There are three main materials baths are made from: Cast-iron, Pressed steel and plastic/Acrylic.
We can resurface all of these.
CAST IRON BATHS. Cast iron is what baths have traditionally been made from. Baths have been made this way for a long time so you come across many different styles from Victorian roll-top baths with clawed feet, 1930′s art-deco style with broad, square shoulders and boxed in with cast-iron panels in matching colour (the most common colour of these baths is green/avocado) through to the much plainer baths of the fifties and sixties which are boxed in with panels made from ply or the like. Then as you get into the 70′s and 80′s you come across baths where the enamel is coloured, the baths often have handles and again, usually the are boxed in. The baths themselves are heavy. They do not flex when you get in them.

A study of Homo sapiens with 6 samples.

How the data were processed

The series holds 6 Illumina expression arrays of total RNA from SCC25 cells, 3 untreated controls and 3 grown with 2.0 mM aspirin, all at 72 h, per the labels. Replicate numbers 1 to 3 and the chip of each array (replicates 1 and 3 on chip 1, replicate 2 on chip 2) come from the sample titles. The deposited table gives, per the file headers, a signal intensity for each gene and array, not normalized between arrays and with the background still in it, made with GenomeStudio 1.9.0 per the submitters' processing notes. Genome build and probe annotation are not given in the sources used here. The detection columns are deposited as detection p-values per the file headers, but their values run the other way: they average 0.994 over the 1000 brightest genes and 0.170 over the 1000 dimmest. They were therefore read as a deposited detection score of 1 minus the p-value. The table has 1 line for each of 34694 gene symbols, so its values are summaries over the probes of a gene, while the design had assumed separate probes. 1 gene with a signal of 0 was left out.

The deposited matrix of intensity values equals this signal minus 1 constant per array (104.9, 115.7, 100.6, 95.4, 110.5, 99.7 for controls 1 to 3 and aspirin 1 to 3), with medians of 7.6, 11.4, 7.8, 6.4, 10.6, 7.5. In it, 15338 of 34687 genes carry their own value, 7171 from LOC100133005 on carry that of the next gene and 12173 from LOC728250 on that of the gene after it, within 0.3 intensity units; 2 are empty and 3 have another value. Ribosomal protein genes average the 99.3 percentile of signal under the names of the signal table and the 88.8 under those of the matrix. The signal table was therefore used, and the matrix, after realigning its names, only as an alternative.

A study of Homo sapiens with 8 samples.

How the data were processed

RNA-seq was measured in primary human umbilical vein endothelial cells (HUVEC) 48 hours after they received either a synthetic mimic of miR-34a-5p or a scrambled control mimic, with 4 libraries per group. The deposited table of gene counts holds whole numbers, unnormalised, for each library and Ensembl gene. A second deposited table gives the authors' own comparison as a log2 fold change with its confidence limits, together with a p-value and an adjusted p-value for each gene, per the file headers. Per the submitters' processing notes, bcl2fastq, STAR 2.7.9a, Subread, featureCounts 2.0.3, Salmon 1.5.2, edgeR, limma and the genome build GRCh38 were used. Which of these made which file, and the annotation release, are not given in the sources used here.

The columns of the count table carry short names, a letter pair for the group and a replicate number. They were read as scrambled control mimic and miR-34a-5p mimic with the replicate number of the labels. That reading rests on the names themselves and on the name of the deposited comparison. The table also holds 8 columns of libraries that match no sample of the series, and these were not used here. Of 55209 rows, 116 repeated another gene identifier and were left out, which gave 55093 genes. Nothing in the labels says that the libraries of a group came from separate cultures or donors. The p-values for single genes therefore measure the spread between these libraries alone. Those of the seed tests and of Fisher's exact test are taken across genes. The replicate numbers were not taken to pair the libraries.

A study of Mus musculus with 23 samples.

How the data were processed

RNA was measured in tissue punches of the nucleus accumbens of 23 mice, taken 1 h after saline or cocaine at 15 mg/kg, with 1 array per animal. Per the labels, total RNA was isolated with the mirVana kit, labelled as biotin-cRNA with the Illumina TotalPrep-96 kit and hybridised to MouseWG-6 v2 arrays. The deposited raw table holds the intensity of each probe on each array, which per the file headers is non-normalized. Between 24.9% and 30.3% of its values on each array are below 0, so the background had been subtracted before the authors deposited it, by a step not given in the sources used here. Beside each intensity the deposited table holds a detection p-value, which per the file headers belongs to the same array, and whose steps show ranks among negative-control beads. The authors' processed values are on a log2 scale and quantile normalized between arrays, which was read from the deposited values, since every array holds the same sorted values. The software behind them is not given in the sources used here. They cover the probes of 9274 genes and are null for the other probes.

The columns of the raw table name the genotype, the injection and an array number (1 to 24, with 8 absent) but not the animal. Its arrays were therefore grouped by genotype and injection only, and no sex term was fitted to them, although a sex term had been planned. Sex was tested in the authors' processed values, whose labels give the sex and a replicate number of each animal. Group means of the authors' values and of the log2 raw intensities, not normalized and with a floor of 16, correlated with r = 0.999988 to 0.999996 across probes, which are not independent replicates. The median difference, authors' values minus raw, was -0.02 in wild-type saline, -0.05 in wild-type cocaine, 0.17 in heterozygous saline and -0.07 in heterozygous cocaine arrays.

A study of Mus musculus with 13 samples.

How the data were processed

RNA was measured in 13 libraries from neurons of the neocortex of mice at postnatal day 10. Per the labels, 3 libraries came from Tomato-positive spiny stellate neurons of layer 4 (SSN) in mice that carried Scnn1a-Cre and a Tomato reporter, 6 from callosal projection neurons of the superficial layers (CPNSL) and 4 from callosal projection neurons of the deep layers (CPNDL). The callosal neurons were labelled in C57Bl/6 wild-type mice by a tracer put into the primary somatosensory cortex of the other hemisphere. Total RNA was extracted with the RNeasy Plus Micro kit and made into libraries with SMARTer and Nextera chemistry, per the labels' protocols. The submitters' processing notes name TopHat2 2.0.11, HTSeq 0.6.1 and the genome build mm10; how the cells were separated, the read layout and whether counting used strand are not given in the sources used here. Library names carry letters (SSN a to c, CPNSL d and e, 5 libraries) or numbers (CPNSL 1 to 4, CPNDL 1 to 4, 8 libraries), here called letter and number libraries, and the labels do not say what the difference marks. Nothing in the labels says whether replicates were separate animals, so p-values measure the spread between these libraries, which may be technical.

PRESSED STEEL BATHS. These baths are quite common today and are often still used in new-build houses. Generally look very similar to cast iron baths from the fifties and sixties but are much thinner and lighter. If you rap them with your knuckle you can hear a “ring” from a pressed-steel bath which you won’t get from a cast-iron bath. Usually boxed-in.
PLASTIC/ACRYLIC BATHS. Very common from the seventies through to the present. A lot of the bathroom suites you see with strong colours such as burgundy, blue, mustard, green and so on tend to (but no always) have plastic baths. Also tend to come in a wider variation of shapes than the cast or pressed steel baths.
These baths flex more when you use them and have a layer of plywood or chipboard under the base of them to stiffen and add strength.
A modern trend with plastic baths is to make them from much thicker material so they don’t flex and to do them in a roll-top style and not boxed in, so you see the outside and feet of the bath.